You're not imagining it: Depression diagnoses are on the rise — and although that sounds alarming, it's not clear what's causing the spike. The updated statistics were released by the Blue Cross Blue Shield Association (BCBSA) Thursday in a report called Major Depression: The Impact on Overall Health. According to the health care company, diagnosis rates for people with insurance rose by 47 percent for millennials and 63 percent for adolescents from 2013 through 2016. Overall, depression diagnoses have risen 33 percent since 2013, and that number could be greater when counting in people who do not have insurance. Previous studies have suggested that depression is increasing, so these findings are in line with existing research.
In a press release about the findings, psychiatrist Dr. Karyn Horowitz says the increase in adolescents could be related to a "combination of increased electronics use and sleep disruptions in already vulnerable individuals." According to Pew Research, only 8 percent of millennials don't have smartphones. "Increased use of electronics, video games more commonly in boys and social media/texting more commonly in girls, can lead to increased conflict both within the home and with peers," Horowitz says in the release.
While it's sobering to think about depression diagnoses being on the rise, it's possible that this is actually a helpful development. An increase in diagnoses doesn't necessarily mean an increase in conditions — it could be that people are more willing to talk to health care providers about their mental illness and seek treatment. I have major depressive disorder, but I was undiagnosed for several years because I didn't want to tell anyone what was going on. It's hard to know whether the increase in depression diagnoses is because depression is on the rise, or people are simply being more open about it.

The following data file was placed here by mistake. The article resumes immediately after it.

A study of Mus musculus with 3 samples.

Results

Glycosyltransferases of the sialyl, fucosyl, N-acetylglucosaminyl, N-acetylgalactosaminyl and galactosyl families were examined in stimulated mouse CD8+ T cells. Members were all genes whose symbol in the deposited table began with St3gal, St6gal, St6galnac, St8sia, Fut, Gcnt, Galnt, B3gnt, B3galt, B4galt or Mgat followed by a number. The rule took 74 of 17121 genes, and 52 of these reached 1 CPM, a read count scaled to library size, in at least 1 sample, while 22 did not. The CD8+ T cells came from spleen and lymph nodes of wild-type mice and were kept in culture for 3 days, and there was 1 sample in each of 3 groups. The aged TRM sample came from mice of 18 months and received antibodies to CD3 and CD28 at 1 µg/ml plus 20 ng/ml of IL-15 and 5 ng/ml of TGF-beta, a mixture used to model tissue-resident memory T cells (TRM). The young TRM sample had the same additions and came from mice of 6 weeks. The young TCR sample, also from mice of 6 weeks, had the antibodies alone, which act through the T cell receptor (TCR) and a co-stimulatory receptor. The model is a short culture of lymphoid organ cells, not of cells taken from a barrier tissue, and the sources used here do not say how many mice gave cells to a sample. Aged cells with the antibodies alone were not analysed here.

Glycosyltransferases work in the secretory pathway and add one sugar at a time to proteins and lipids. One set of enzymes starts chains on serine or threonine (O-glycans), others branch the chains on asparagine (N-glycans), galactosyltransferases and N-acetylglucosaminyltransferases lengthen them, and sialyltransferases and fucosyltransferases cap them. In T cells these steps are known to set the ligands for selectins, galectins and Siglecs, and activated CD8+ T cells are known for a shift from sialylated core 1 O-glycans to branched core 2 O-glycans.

BCBSA points out that there are increased health risks associated with depression, and 85 percent of people diagnosed with depression have another chronic health condition. Because of the way that depression can affect your mood, productivity, appetite and general wellbeing, it isn't surprising that it can affect your health in other ways, too. Trent Haywood, M.D., J.D., senior vice president and chief medical officer for BCBSA, says major depression diagnoses in young people could have "a substantial health impact for decades to come."
"Further education and research is needed to identify methods for both physicians and patients to effectively treat major depression and begin a path to recovery and better overall health," he says in the press release. "In preliminary literature, high users of social media have been linked with higher rates of social isolation than low users."
I can understand why this is a concern for health care and insurance providers — people with depression use health care services more than people who don't have mental illnesses, which means that patients and providers are spending more money. Depression is more likely to cause someone to seek outpatient treatment like therapy, prescription coverage, and inpatient hospitalization, according to the research. But if people with depression are seeking treatment, that's a win for those who want to reduce mental health stigma.
There are steps we can take to reduce our risk of depressive episodes, like exercising often, getting enough sleep, and talking to the people around us about what we're feeling, in addition to maintaining a treatment plan designed by your health care team. A depression diagnosis isn't the end of the world, and it's often the first step to getting the treatment you've needed for a long time. More research is needed to figure out whether depression is increasing and what could be causing it, but in the meantime, people who are depressed are asking professionals for help. Mental health stigma stops people from seeking treatment, and I've lived it firsthand. One of my biggest regrets is not telling my doctor about my depressive symptoms sooner, but hopefully, other people aren't forced to wait.